The name of a number of Spanish- and Portuguese-Jewish (Sephardic) families in Amsterdam and London. The first person to assume it was the Marano Francisco Nuñez Pereyra, who fled from Spain through dread of the Inquisition at the beginning of the seventeenth century and settled in Amsterdam, where he married his cousin Justa Pereyra. The children born of this marriage died, and, their death being attributed by his wife to the fact that he had not been received into the Covenant of Abraham, they separated until that rite was performed. He took the name David Abendana, and was one of the founders of the first synagogue in Amsterdam. He died Feb. 14, 1625. He left two sons, Manuel and Abraham. Manuel was ḥakam of the Amsterdam congregation and died June 15, 1667, having contributed much to the spiritual edification of his brethren. Besides those mentioned below, the names of other members of the Abendana family will be found in the lists at the end of D. H. de Castro, "De Synagogue de Portugeesch-Israelietisch Gemeente te Amsterdam, 1875." There is a modern Spanish name "Abendann" ("Jew. Quart. Rev." x. 520).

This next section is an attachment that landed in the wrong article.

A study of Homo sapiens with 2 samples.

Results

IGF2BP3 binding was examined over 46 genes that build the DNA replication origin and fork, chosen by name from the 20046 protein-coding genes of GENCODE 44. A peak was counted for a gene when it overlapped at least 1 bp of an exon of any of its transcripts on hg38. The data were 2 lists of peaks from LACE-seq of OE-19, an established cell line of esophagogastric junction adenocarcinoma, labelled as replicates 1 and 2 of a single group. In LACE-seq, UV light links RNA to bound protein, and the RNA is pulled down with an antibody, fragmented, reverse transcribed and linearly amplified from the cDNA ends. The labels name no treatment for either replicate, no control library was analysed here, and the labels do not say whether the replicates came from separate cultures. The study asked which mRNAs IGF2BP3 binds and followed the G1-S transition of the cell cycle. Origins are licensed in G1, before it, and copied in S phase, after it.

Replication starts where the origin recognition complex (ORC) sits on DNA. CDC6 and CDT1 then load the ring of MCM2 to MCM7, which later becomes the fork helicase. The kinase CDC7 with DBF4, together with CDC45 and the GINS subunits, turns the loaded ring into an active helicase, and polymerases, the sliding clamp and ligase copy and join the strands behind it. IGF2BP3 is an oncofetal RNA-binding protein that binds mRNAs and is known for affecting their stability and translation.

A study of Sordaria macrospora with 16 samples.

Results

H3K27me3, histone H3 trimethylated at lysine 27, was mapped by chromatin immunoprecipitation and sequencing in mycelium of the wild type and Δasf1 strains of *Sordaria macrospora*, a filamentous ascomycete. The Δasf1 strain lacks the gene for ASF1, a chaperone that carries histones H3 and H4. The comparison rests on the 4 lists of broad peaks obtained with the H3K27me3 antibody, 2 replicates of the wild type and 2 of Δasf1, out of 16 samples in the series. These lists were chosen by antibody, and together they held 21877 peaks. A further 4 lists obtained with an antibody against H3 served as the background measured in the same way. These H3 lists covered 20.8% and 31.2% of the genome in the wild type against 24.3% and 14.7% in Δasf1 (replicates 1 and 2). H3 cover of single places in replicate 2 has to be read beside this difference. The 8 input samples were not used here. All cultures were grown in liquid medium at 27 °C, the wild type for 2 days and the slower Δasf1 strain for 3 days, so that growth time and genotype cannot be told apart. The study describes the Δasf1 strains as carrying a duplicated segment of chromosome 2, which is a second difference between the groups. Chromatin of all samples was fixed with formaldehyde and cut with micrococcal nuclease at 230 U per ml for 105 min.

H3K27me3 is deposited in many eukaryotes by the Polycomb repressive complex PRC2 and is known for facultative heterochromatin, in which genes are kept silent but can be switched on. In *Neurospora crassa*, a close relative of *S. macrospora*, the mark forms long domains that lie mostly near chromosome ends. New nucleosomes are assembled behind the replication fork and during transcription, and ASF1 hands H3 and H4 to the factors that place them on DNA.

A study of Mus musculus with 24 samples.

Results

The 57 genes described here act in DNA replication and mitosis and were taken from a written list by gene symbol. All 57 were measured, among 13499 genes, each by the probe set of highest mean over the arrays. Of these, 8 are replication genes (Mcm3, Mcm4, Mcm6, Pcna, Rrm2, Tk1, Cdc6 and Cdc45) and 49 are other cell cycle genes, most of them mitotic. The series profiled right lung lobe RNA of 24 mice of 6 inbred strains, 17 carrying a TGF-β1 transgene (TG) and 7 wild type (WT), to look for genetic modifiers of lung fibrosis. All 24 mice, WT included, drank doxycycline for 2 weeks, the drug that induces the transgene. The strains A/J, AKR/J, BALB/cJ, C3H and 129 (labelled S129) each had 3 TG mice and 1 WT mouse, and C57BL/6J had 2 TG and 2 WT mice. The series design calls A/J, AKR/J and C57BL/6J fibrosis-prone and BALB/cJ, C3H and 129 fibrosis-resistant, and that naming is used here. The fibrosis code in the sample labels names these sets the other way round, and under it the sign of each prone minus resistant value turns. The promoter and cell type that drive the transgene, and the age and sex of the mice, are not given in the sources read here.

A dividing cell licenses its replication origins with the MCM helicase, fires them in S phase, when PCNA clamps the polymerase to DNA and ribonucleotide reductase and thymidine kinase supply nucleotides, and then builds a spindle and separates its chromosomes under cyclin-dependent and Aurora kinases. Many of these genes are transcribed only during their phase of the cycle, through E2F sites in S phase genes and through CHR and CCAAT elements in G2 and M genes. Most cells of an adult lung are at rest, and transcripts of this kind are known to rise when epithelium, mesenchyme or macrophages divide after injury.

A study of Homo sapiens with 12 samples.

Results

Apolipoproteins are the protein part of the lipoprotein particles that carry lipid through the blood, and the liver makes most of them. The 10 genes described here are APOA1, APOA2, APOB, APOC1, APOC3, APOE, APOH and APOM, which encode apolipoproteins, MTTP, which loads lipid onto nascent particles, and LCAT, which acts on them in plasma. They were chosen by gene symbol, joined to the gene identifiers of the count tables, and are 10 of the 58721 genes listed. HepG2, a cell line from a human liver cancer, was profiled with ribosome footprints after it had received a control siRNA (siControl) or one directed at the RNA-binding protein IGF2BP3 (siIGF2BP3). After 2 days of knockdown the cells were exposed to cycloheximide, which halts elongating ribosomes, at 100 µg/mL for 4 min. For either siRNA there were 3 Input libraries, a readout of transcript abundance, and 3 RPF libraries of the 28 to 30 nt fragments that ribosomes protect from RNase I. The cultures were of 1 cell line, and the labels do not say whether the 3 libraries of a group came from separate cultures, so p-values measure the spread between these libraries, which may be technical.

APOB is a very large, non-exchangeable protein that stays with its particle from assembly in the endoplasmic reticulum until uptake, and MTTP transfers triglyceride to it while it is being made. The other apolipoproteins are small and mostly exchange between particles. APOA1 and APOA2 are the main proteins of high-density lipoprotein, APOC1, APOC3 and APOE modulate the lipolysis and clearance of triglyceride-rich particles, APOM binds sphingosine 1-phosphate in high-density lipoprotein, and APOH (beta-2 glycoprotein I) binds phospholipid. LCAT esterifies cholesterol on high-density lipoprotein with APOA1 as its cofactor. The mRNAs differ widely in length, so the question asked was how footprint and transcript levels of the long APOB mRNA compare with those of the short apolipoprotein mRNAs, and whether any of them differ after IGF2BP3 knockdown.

A proofreader in Amsterdam about 1726-30.Abraham di Costa Abendana:
A member of the Talmudic academy 'Eẓ Ḥayyim in Amsterdam in 1751.Daniel Abendana:
A brother of Jacob and Isaac Abendana, and author of an apologetic work dedicated to Isaac Levi Ximenes, bearing the title, "Respuesta á las Proposiciones de uno que Siendo de la Nacion Judaica por se Mostrar tan Católico Cristiano" (Manuscript in the Stadtbibliothek at Hamburg).Isaac Ḥayyim de Brito Abendana:
Ḥakam of the Portuguese community in Amsterdam, where he died at the great age of one hundred years, April 5, 1760. He published "Sermão Exhortatoria," Amsterdam, 1753. He was at the head of the Talmudical academy 'Eẓ Ḥayyim, known in Spanish as Árbol de las Vidas. Assisted by his colleagues,
- Monatsschrift, ix. 34;
- Kayserling, in Rev. Ét. Juives, xiii. 272;
- idem, in Steinschneider-Festschrift, pp. 89, 90.